About Me

When I suffered a lip injury that ended my career as a classical trombonist, I thought my life as a musician was finished, but I fell in love with music all over again when Santa gave me a guitar for Christmas in 2003. Even as I was struggling with my first chords, I was planning a new performance career. As a trombonist, I performed with the Heritage of America Band at Langley Air Force Base, the Ohio Light Opera, and in pick-up bands for touring acts that included Rosemary Clooney, George Burns, and the Manhattan Transfer. Reborn as a jazz guitarist, I sing and play my own solo arrangements of jazz classics, am half of the Godfrey and Guy duo, and hold the guitar chair in the Sentimental Journey Orchestra. I have been a freelance music copyist since 1995 and have been music director at Northwest Unitarian Universalist Congregation since 2011.

Sunday, March 21, 2010

Adventures of a Young Musician: Starting Over


Welcome to the first installment of “Adventures of a Young Musician.” The main purpose of this blog is to give you a peek into the world of a working musician. If you are not a musician, I hope this will bring you closer to the musicians who play the music you love. If you are a musician, I hope you’ll connect with me as you read familiar stories. For performers and listeners alike, please write back if something touches you, interests you, or if you have some insights of your own to share with the rest of us.
At the ripe old age of 43, I’m not young, and I’ve been a musician since I was 11 years old. Although I’ve been a musician for over 30 years, I’m just getting started. To be more accurate, I’m starting over. I’m a jazz guitarist and singer now, but my original training was in classical trombone. I graduated high school one year early and went straight into the University of Illinois School of Music, where I graduated with a degree in Music Education. After graduating, I had a dismal career as a band director. I was an excellent conductor, but I just wasn’t cut out to be a teacher. I was a pushover and couldn’t keep discipline in the classroom. After a miserable year and a half of teaching, I decided to become a professional trombonist. My first trombone teacher, Robert Gray, helped me establish good fundamentals as a brass player, and my next teacher, Elliot Chasanov, helped me build on that foundation and develop into a true musician.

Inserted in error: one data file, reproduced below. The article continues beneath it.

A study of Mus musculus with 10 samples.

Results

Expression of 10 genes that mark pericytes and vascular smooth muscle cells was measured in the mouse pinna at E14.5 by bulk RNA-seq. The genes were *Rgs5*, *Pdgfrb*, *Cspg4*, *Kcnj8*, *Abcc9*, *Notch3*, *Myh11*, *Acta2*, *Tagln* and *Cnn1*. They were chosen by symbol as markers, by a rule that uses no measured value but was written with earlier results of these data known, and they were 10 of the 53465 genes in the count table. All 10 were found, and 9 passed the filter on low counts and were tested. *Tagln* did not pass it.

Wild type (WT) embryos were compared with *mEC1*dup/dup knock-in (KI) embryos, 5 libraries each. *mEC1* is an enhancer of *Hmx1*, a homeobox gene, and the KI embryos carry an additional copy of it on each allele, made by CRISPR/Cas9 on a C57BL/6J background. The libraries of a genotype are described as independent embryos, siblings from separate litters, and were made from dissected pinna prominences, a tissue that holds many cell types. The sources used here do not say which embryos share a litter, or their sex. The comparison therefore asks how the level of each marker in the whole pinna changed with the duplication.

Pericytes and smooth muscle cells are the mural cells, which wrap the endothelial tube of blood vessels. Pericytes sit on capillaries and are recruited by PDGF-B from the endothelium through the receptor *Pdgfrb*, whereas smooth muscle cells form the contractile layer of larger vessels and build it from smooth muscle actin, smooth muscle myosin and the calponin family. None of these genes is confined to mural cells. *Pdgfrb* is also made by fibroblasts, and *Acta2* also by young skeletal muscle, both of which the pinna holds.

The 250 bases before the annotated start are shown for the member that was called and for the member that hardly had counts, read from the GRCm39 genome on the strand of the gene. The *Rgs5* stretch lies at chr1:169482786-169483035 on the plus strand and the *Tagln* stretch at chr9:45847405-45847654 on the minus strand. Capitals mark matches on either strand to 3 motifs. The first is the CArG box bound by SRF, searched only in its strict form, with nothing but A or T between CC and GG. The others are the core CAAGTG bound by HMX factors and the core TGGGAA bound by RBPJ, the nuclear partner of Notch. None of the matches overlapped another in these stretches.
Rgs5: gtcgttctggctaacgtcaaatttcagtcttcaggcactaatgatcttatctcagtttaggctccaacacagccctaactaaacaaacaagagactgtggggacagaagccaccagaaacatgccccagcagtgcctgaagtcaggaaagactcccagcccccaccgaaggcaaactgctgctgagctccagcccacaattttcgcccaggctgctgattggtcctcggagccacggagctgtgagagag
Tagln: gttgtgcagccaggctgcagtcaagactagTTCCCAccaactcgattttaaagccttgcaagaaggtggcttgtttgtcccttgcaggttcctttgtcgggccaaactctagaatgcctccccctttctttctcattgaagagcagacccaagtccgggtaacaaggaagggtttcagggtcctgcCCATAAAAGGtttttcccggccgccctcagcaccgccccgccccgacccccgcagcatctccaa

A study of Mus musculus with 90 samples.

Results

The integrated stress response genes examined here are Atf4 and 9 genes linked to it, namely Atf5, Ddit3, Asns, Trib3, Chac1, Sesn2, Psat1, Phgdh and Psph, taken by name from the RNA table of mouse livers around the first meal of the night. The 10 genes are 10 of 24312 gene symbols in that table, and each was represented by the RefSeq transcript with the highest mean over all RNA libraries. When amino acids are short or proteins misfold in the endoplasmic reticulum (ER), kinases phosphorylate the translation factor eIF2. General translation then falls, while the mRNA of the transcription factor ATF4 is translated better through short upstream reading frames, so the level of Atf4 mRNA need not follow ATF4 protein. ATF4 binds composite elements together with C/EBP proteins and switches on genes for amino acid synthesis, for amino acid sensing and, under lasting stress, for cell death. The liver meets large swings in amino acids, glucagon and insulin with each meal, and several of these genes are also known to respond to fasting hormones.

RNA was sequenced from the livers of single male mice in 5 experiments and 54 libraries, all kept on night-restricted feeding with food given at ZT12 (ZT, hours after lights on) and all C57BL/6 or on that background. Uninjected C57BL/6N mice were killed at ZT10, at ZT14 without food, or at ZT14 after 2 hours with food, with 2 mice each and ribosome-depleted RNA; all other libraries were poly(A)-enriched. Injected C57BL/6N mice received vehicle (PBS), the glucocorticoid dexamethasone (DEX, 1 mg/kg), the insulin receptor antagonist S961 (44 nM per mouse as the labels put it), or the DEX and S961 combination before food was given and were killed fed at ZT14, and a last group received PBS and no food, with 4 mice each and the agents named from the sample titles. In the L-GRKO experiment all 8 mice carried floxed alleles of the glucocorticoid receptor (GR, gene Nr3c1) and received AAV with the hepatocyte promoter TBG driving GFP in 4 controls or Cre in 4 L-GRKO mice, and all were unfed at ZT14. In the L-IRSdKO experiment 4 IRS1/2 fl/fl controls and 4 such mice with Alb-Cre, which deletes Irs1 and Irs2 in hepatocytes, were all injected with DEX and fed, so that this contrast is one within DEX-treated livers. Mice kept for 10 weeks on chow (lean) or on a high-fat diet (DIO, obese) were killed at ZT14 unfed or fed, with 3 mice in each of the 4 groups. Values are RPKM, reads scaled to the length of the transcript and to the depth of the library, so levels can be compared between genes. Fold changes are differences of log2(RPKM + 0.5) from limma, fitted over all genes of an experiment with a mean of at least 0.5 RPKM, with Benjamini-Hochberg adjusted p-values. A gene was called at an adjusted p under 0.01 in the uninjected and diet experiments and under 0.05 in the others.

Eventually I found a job as a trombonist in the Air Force with the USAF Heritage of America Band at Langley Air Force Base in Virginia, where I performed with the concert band and the jazz band. Things started out well. I quickly earned respect within the band for being a good trombone player, and I performed as a soloist during the concert band’s summer series. Unfortunately, I developed an overuse injury, tearing the tissue inside my upper lip. It started out as discomfort and stiffness, and eventually it began to feel like someone was poking the inside of my lip with a hot needle every time I played. It got to the point where I was barely able to produce a sound.
I left the Air Force after my first term. At the time, there seemed to be no point in reenlisting if I couldn’t play the trombone anymore. (With 20/20 hindsight, I could have stayed in and cross-trained to become a sound engineer, but that’s water under the bridge, now.) After the Air Force, I developed my own business as a freelance music engraver. What’s a music engraver, you ask? Find out in a future installment.
I still had my foot in the door of the music world through music engraving, but it wasn’t the same as performing. Three times I tried to get my trombone chops back, and three times I failed. One Christmas, my wife (now my ex-wife), Katherine, gave me the best present ever: a new guitar. Soon my fingertips were burning, I was struggling to learn my first chords, and I had fallen in love with music all over again. After a week of playing, I decided I was going to become a professional musician again.
That was six years ago. After a lot of practice (a LOT), I’ve reached the point where I feel that I’ve reached a professional level of playing. I still have a lot to learn (a LOT), but I’m ready to make another run at a performing career.
So that’s where I am now. Within year of playing, I gravitated toward jazz guitar. Now I lead my own combo, On the Cool Side, perform as a soloist, and am a founding member of Allen, Vinton, and Godfrey. I have a lot of experience, but I still consider myself a young musician. I’ve only been playing guitar for six years, and although I had plenty of experience as a classical musician, my new incarnation as a jazzer has opened me up to a whole new world of music, which I’m only beginning to grasp.
That’s it for this first installment, and now you have an idea where I’m coming from. From here on out, this blog will be mainly insights and stories from my perspective as a growing musician. I’ll include horror stories, a typical day in the life, favorite websites, my equipment (for you equipment junkies), dealing with stage fright, and much more. As we continue this journey together, I’d love to hear from you and learn from your insights.

3 comments:

  1. Personally witnessing your transformation as a player, composer, spokesperson and friend continues to inspire me. It's great to see your blog. I'm looking forward to watching it evolve.